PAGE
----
Posted: 11:45 PM, Jan 30, 2018
Updated: 2018-01-31 09:51:26-05
Indian River County lacks pregnancy policy, preventing pregnant firefighters from taking light duty

Women who work for the Indian River County Fire Department are fighting more than fires. 

They are also fighting to get more support from the county when it comes to growing their families.


That means women like Nicole Morris, who is six months pregnant, still have to suit up.

“I just refuse not to grow my family because of my employer,” Morris said.

Morris is an Engineer and Solo Fire Medic, meaning her job can be physically demanding.

“You’re lifting patients, or you’re lifting equipment, pulling hose lines or carrying ladders,” Morris explained.

But, going on light duty further into her third trimester is not an option.

“There’s no light duty option for pregnancy like there would be for somebody that got hurt,” Morris explained.

So, the only way she can take time off is using her sick and vacation time.

But, her doctor wants her to take at least 8 weeks off after she gives birth through Caesarean section, and preferably 10 weeks should there be complications.

The only way she can take off that much time after her pregnancy is to work the whole way through it.

“I have not asked for light duty. I have not asked for any paid leave. I’ve actually asked to work more.”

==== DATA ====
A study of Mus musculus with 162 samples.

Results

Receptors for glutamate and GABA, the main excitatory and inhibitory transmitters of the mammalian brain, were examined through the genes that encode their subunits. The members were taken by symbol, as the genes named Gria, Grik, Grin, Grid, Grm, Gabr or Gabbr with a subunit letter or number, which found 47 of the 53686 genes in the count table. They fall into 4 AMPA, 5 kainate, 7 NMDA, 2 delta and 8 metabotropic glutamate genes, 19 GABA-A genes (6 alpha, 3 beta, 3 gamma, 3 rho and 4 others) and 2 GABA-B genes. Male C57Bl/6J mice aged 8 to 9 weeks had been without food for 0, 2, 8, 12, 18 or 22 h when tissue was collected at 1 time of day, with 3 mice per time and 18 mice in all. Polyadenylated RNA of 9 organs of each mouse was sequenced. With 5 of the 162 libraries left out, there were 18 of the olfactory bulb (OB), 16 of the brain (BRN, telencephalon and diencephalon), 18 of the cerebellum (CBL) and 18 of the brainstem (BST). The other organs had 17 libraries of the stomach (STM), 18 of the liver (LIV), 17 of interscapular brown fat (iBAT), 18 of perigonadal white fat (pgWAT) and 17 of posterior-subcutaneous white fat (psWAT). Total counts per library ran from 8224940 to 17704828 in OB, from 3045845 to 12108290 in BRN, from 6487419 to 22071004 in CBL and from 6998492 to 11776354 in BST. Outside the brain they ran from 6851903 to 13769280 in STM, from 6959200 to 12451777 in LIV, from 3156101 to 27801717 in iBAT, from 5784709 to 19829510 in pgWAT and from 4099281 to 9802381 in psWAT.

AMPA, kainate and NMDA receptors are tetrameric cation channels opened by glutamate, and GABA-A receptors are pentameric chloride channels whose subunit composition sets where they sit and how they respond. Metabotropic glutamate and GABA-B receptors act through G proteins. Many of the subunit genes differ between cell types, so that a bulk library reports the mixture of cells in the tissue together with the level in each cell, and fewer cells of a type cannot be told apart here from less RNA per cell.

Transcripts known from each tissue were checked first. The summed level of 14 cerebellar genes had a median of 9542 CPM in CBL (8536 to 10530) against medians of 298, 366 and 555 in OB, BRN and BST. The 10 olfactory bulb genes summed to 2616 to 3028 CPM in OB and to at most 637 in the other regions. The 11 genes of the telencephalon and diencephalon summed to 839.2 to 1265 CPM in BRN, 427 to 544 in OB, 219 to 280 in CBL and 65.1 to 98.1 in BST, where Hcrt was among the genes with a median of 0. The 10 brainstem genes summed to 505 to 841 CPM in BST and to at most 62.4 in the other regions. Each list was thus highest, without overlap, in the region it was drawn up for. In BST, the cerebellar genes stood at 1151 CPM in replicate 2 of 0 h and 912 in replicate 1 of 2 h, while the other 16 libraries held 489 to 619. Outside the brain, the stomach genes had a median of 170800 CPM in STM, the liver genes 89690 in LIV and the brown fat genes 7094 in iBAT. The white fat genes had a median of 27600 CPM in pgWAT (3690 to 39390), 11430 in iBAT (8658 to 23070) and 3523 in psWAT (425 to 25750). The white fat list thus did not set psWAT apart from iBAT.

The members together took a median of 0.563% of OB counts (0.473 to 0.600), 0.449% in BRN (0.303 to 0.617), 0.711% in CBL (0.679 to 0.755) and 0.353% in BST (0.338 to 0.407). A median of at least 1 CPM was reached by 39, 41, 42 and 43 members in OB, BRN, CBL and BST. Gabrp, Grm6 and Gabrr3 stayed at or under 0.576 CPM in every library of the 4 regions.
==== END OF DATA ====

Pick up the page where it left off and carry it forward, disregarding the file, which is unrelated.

Her other option, beyond using sick and vacation time, is to work standby shifts to add to the time they can take off.

Standby shifts allow a fire fighter of equal rank to cover a shift for an employee, who will work one of their shifts in return in the future.

Morris hopes to work as many standby shifts as possible before she gets even further into her pregnancy.

However, Indian River County also caps standby shifts to 12 shifts per year.

Morris says Fire Chief John King has only approved nine of her 12 standby requests, not allowing her to maximize her time off.

She also says she has been trying to work with department leadership since before her pregnancy to get a plan in place.

“There was just no willingness to work with us to plan a pregnancy.”

Fellow engineer and Solo Fire Medic Christen Brewer also knows the struggle.

“You’re only allowed 12 standbys. That’s technically a month and a week. That is not enough time to have a child,” Brewer said.

She’s learned first hand that it can be dangerous working far into a pregnancy.

She recalled a time she was responding to a person high on bath salts.

“He grabbed a machete and threatened to kill all of us, and I was about 7 1/2 months pregnant,” Brewer said.

She was also denied light duty and has been trying to get a pregnancy policy on the books for more than 10 years.

During Brewer's pregnancy, county leaders had not yet put a cap on standby shifts.

Brewer was allowed to work 30 standby shifts, allowing her to take time off before she gave birth.

In the immediate area, Palm Beach, Martin, St. Lucie, Volusia, Seminole and Brevard counties and the City of Orlando all have pregnancy policies that allow for a form of light duty for firefighters.

“We are way behind the times,” Brewer said.

The Indian River County Sheriff’s Office does allow pregnant deputies to go on light duty.

Brewer and other firefighters say other women have left Indian River County to go to other departments which have pregnancy policies.

WPTV has requested comments from county commissioners and Fire Chief John King.